A Closer Look at The SECURE Act

Patrick Cote |

By: Susan Powers

The SECURE Act became law on December 20, 2019 and the intent of this new law is to strengthen retirement security.  Having enough income in retirement is an important concept in financial planning.  When we work with our clients and ask them what financial success means to them, the overwhelming response is security - knowing they will not outlive their assets. 

What are the key provisions of the Secure Act and the benefits for you?

“Stretch” IRAs

A common estate planning tool, if you inherited an IRA, was that you were allowed to “stretch” out the distributions over your life expectancy.  Under the new law, inherited IRA distributions no longer have an annual required withdrawal amount, but all of the assets must now be withdrawn by last day of the 10 year period. 

Five types of beneficiaries are exempt from the new rules.  They are known as "eligible designated beneficiaries," or EDBs. These beneficiaries will continue to operate under the old rules.

If you have an IRA that you planned to leave to beneficiaries based on the old rules, work with your advisor and estate planning attorney to evaluate the impact of this new rule on your financial and estate planning strategies.  For beneficiaries of stretch IRAs, you will want to carefully evaluate the tax implications of how you choose to make your withdrawals over the 10-year period.  

The new rules are effective January 1, 2020.  If you inherited an IRA from the original owner who passed away prior to January 1st, you are not impacted by the changes. 

Increased age – 72 is the new 70 ½

Required minimum distributions (RMDs) and contributions are both impacted by the law’s change in age.  Previously, owners of IRAs and retirement accounts had to begin taking RMDs at age 70 ½.  The new age is 72, potentially allowing for more growth in the value of your retirement assets while delaying the impact of taking taxable distributions.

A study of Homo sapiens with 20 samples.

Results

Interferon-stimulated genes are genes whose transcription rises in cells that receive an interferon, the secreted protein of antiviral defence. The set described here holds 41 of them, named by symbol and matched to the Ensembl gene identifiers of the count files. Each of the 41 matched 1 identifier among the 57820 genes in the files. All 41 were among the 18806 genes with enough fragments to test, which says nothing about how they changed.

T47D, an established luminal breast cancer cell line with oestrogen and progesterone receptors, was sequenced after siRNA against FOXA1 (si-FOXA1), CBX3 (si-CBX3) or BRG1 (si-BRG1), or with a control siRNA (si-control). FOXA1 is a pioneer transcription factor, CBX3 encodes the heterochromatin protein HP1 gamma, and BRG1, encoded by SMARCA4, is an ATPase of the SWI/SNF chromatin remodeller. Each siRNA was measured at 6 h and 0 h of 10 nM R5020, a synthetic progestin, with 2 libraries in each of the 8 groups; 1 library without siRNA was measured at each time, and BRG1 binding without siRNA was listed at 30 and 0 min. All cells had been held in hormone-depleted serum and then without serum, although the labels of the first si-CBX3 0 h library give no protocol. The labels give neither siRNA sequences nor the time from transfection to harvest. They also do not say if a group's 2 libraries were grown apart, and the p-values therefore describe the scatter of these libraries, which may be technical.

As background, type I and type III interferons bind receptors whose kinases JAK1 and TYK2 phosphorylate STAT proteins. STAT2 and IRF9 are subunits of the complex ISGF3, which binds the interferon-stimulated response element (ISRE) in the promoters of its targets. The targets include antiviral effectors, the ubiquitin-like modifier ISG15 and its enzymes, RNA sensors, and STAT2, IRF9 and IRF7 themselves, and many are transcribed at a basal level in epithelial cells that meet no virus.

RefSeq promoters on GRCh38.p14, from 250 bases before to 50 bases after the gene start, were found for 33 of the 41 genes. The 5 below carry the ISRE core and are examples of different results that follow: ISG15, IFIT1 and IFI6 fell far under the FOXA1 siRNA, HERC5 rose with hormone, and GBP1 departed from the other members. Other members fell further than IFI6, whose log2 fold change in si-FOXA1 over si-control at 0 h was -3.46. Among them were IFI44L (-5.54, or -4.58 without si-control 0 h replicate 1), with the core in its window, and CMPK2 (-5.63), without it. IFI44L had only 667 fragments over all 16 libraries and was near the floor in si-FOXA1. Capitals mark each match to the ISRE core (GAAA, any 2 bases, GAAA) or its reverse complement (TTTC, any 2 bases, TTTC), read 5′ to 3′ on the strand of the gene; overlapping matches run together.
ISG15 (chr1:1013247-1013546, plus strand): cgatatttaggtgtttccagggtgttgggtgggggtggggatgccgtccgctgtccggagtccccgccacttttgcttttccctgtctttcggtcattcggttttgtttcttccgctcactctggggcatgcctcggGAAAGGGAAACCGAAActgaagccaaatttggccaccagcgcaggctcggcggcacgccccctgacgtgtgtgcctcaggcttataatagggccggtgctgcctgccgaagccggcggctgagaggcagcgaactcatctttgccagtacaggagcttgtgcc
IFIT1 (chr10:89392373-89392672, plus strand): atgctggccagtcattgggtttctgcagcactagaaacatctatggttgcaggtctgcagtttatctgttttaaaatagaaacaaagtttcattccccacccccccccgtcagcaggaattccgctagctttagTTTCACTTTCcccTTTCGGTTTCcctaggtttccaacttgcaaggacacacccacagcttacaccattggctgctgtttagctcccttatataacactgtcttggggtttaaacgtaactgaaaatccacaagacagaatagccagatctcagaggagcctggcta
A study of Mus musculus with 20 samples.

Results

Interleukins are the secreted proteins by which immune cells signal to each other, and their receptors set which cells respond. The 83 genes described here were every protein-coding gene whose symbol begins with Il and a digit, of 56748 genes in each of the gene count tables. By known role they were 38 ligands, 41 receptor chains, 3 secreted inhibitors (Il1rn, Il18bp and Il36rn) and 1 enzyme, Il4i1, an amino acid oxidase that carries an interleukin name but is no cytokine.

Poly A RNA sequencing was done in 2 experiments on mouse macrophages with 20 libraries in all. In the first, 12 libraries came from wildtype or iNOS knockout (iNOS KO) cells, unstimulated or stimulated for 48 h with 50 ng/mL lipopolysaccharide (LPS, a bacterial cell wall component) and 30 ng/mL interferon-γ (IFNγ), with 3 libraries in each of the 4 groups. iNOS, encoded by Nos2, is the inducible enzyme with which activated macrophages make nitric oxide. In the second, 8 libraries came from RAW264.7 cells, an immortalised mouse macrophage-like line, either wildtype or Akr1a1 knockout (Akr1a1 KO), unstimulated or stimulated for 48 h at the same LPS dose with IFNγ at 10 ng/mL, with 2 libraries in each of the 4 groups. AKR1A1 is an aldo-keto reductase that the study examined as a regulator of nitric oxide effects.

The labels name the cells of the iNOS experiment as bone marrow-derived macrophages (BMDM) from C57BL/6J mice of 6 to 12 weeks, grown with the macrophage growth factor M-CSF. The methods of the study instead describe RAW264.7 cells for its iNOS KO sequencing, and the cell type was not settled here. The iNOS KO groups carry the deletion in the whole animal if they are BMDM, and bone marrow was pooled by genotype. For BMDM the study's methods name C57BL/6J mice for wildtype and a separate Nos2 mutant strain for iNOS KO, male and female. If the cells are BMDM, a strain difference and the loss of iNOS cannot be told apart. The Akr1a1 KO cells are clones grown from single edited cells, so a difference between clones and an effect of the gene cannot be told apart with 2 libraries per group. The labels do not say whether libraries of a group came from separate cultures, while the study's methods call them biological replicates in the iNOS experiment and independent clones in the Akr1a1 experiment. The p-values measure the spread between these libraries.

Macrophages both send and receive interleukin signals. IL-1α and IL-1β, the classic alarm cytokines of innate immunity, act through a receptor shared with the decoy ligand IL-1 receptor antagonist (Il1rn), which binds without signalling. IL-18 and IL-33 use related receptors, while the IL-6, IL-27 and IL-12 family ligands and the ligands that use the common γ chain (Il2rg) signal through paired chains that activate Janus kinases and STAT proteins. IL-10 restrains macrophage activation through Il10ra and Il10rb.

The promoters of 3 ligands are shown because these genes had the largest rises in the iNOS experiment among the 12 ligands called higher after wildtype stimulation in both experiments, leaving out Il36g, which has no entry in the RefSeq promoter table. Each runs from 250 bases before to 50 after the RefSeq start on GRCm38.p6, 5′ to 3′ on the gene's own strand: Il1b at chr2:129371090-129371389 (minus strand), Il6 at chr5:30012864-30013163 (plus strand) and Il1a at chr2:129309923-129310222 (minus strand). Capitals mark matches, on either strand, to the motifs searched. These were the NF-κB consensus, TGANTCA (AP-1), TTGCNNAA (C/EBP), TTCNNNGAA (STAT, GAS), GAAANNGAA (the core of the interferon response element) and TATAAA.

Under the law, you can now continue to contribute to your traditional IRA past age 70½ as long as you are still working.

If you’re turning 70 ½ in 2020 and had planned on taking an RMD or you are still working, talk with an AssetGrade financial advisor to reconsider your withdrawal options. 

Qualified birth or adoption distribution

You can now withdraw up to $5,000 per parent from your retirement plan or IRA following the birth or adoption of a child.  The 10% early withdrawal penalty will not apply but you will have to pay income taxes on the distribution.  In addition, another plus is that you will have the option to repay the withdrawal as a rollover contribution.  

New rules for part-time workers

For part-time workers who have been employed at the same company for at least 3 years, you may now be able to participate in your employers’ 401k plan.  Most employers will now be required to offer the plan to anyone working more than 500 hours a year for 3 years in a row. 

If this rule applies to you, ask your employer how you can enroll in their plan.

Call us today with your question regarding the new SECURE Act.  It’s never too late or too early to start working on your plan!